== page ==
Landing pages are effective tools for turning traffic into conversions. A landing page is essentially any page on a site created with the specific intention of influencing a visitor to carry out an action. Landing pages must be strictly focused on their task and created from the ground up with an eye to conversion rate optimization.
Some sites use their home page as a landing page, but unless the home page has been carefully designed with conversion in mind, it doesn't make an effective landing page. Why? The information on home pages tends to fulfill a number of different purposes: introducing a company's mission, providing navigation to other parts of the site, showcasing a variety of topics and so on. That makes them a great introduction to a business, but not very effective for eliciting specific desired conversions.
For example, suppose a potential customer searches for a product you sell on your site, and one of your search ads pops up in the results. If, when the consumer clicks the ad, he is taken to your home page, he is going a step backward in the purchase funnel. He has already indicated his desire to purchase a particular product or type of product; having him search for it again or navigate through menus to find it risks losing the conversion. Presenting him with a simple landing page for that product with an order form instead allows him to go straight from searching to buying. Studies show that using landing pages can increase conversion rates and provide a significant ROI.
Landing pages can generally be divided into two types, those intended to sell a product directly and those intended to generate leads by having the visitor enter their personal information. Here, we examine seven tips to help make effective landing pages and some tools that simplify landing page deployment.
Landing pages are the pointy end of the purchase funnel. They have one job to do, and every element on the page should contribute toward that goal. That means no fluff, no extraneous marketing material and no links to the home page or other parts of the site. Just simple compelling imagery and text with a prominent call-to-action.
Landing pages don't have to elicit interest in potential buyers that aren't aware that they want a product or service. Much of the waffle of marketing copy can be disposed of. Instead, include simple but interesting headlines that engage the attention of the visitor and explains features and benefits.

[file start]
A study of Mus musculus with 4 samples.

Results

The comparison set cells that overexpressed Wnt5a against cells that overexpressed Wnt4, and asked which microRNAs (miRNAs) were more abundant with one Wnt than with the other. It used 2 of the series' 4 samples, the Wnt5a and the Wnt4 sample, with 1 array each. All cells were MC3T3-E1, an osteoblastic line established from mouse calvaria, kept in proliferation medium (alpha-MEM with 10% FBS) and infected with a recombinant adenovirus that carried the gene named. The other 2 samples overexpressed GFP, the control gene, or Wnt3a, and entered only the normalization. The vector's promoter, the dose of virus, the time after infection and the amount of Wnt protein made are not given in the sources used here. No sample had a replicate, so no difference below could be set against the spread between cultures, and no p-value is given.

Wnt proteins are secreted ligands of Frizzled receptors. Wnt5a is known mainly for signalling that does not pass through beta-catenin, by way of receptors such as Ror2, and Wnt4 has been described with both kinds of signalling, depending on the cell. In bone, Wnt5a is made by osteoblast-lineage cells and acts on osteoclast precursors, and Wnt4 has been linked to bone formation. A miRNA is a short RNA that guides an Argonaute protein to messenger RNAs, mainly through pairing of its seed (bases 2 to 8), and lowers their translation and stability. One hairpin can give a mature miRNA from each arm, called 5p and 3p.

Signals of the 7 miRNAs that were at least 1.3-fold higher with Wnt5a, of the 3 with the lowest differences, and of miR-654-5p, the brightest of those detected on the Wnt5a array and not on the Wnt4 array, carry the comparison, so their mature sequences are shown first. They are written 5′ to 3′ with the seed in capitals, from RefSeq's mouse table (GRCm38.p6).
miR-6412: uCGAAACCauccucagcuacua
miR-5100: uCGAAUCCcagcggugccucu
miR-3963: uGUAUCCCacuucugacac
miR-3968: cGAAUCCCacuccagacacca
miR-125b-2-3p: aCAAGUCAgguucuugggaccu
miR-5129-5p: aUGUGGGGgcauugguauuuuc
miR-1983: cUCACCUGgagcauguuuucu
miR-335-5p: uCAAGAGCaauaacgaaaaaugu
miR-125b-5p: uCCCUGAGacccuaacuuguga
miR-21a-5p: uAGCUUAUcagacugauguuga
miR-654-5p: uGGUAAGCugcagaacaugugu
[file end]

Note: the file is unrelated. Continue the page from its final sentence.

As the cliché goes, a picture is worth a thousand words. Video, then, must be worth a million. Using video as an alternative to long chunks of copy will help maintain interest, and a well-produced video can be an very effective inducement to convert.
Social proof matters. Including testimonials and selected product reviews on landing pages gives visitors confidence in the product and in their decision to enter their personal information and/or buy the product or service.
The call-to-action is the single most important aspect of the landing page. Everything else on a landing page is aimed at getting visitors to respond to the call-to-action. Therefore, your call-to-action should be very prominently placed and show a simple, clear message. Ideally, the visual and textual elements of a page should contribute to highlighting the call-to-action.
If the landing page is intended as a lead generation page, a contact form is obviously necessary. It's tempting to try to gather as much data as possible at this stage, but if a page requires too much data input, it can make users feel they are sharing too much information. Or, a lengthy contact form can annoy visitors so much, they merely choose not to take action.
Keep it simple and collect the minimum amount of information necessary and not everything you might possibly want to know—that's what the lead follow-up contact is for.
Creating effective landing pages is all about conversion rate optimization (CRO), and CRO is all about testing and iteration. Finding the perfect combination of elements to maximize conversions is and art and science. Data is essential. The testing tools discussed next will allow a site to deploy landing pages and implement multivariate testing on them, allowing web masters can tweak and polish their landing pages to perfection.
While it's certainly possible to design and deploy your own landing pages, using a dedicated landing page tool will make it easier to design, test, modify and deploy landing pages.
What are your experiences with landing pages and the tools we've discussed? Share your insight as well as other landing page tips or tools in the comments below!
Photo Credit: Joeruny
Daniel Page is the Director of Business Development for ASEOhosting, a leading provider in SEO hosting and multiple IP hosting. Follow ASEOhosting on Twitter, like the company on Facebook, and check out all the services offered at aseohosting.com.